Brexit fatal threat to War on Terror, says Europol chief
Europol’s latest regulations come into force in May 2017. But Westminster is yet to approve their use in Britain and Brussels fears Prime Minister Theresa May will soon pull Britain out of the European law agency too.
“The EU would sorely miss Great Britain’s leadership and vast expertise in security questions,” Wainwright told German newspaper Die Welt.
“The British are the strongest provider of intelligence to the Europol databases.”
“Britain is extremely important for Europol’s work, I hope the most effective solution is found so we can secure long-running cooperation,” he added.
An estimated third of all cases investigated by Europol were based on evidence provided by British authorities. Since 2014, London’s contributions to the European force’s work have grown by 50 percent a year. In the last five years British authorities were responsible for over 5,000 deportations of suspected criminals to other EU member states – though only 4 percent of those were British citizens. In turn, over 650 suspects were sent back to Britain from around Europe, of which nearly 60 percent were British criminals.
The UK has had a vital role in Europe-wide counterterrorism work ever since it began, which has allowed Britain to pick and choose which areas of police cooperation and home defense intelligence it wanted to share with the rest of Europe. Exclusion clauses in general EU policing regulations have been drafted for Westminster since 1997.
Yet, it is feared that May will prioritize her party’s unity over the serious security breaches Britain’s withdrawal from Europol could cause. Experts seem to believe it more likely the premier will let the deadline for the new Europol regulations pass before implementing them in the UK. She could then have a more flexible field to negotiate Britain’s terms of cooperation with European police forces.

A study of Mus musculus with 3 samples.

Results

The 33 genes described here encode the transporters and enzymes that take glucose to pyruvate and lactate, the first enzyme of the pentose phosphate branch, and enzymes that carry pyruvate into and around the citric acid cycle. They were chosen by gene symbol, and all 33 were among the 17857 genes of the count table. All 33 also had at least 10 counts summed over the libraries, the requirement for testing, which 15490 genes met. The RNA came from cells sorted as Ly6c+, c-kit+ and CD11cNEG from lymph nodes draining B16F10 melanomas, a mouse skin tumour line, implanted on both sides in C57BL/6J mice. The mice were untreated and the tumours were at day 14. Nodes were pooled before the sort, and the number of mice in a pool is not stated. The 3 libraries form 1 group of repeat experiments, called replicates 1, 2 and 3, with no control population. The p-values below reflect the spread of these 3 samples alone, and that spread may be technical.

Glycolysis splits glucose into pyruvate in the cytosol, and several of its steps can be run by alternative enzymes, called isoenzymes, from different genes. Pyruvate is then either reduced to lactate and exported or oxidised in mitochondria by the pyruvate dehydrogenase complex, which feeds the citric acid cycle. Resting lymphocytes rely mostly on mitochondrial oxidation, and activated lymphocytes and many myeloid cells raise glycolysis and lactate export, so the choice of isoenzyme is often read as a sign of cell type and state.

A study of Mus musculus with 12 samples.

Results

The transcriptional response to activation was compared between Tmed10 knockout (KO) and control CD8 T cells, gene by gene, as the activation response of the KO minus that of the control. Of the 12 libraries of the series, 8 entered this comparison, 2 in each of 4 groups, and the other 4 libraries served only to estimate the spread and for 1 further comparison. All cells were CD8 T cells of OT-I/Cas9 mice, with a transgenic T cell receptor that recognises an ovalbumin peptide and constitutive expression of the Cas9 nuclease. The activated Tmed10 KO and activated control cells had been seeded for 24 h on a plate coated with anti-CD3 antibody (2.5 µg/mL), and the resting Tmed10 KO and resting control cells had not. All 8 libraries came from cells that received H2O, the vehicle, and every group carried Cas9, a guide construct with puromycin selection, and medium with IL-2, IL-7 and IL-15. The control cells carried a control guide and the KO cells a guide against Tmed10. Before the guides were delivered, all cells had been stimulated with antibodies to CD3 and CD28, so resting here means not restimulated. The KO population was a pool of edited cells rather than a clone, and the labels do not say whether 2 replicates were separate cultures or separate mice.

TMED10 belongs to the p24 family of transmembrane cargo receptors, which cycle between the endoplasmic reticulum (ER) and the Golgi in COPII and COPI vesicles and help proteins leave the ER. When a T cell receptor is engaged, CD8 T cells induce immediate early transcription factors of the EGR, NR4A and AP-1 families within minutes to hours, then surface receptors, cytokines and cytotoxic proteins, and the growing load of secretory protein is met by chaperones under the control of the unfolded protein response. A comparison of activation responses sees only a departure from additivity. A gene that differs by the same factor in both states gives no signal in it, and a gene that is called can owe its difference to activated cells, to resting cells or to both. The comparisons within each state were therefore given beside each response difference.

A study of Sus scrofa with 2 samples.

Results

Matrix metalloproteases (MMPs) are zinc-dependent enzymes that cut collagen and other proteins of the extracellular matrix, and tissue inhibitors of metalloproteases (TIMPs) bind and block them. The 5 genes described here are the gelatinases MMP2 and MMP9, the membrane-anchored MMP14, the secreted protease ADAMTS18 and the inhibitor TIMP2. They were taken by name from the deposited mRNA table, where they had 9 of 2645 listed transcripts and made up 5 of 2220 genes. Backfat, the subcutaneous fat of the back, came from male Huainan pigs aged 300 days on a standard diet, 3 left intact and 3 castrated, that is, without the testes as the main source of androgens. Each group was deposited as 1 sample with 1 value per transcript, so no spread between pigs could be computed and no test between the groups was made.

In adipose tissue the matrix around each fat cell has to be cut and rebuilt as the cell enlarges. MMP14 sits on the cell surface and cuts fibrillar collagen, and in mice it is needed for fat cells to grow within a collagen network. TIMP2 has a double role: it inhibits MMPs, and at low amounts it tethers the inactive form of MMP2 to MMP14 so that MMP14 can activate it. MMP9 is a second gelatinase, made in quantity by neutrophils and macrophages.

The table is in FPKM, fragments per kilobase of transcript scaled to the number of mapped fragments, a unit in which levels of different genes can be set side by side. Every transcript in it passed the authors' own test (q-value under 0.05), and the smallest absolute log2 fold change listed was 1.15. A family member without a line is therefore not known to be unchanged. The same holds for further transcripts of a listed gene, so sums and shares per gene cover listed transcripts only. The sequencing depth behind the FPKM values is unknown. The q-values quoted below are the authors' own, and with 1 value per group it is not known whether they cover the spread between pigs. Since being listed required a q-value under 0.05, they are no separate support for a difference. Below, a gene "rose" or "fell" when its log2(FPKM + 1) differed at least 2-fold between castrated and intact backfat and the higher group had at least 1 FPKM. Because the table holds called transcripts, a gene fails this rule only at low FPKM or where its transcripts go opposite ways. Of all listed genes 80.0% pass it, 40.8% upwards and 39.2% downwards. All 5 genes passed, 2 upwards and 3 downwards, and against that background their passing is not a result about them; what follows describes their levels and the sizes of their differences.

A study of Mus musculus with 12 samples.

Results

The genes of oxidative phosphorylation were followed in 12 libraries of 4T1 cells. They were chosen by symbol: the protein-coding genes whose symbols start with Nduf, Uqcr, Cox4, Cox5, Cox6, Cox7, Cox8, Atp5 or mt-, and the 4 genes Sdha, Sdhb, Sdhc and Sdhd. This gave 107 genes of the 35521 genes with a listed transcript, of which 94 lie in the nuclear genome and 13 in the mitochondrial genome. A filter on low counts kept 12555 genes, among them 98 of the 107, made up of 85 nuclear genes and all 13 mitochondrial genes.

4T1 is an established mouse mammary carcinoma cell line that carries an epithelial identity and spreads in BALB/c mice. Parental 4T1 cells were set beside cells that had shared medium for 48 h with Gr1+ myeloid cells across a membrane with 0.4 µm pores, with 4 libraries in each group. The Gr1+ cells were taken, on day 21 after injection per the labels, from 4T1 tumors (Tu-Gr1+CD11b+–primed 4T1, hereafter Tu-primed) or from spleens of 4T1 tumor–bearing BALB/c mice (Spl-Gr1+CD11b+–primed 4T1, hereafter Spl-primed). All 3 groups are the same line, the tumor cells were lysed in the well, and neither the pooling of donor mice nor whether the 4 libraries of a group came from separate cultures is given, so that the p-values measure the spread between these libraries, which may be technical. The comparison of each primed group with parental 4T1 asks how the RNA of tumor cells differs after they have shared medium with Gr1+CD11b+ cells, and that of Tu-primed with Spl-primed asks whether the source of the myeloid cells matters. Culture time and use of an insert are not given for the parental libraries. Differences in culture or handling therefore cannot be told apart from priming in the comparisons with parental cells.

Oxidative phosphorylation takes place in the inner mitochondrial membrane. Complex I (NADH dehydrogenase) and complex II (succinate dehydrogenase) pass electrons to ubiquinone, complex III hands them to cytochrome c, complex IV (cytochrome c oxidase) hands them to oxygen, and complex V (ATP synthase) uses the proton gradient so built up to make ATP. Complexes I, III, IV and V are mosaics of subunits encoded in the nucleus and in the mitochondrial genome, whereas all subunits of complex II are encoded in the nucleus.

What foreign policy?
But not all is well within Theresa May’s government, as even senior Conservative statesmen claim to have “absolutely no idea” over her foreign policies.
Despite flying to China this weekend for her first G20 international summit as Britain’s head of government, and recently conducting ‘brainstorming’ meetings with her cabinet on the ins and outs of Brexit, May is still perceived as too fuzzy on her diplomatic positions.
“There are lots of questions but very few answers,” a senior Tory told Politico.eu. Another fellow high-ranking party-member said: “I’ve literally no idea on foreign policy. It’s very difficult to say who [May] is close to or what she thinks. Most stuff seems fairly traceable to Nick [Timothy, May’s chief of staff].”
May’s opinions on Russia and the Middle East are yet unknown, while she is notoriously phlegmatic on UK-US relations and suspicious of China. And although she sided with the ‘Remain’ camp ahead of the EU referendum, she took a backseat throughout the campaign.
On the international arena Britain’s withdrawal from frontline politics is seen as inevitable after the Brexit vote. Politico.eu went as far as quoting a “source close to German Chancellor Angela Merkel” saying that Westminster will lose international prowess, as Britain’s Trident nuclear program and United Nations Security Council seat remain its “last vestiges of power.”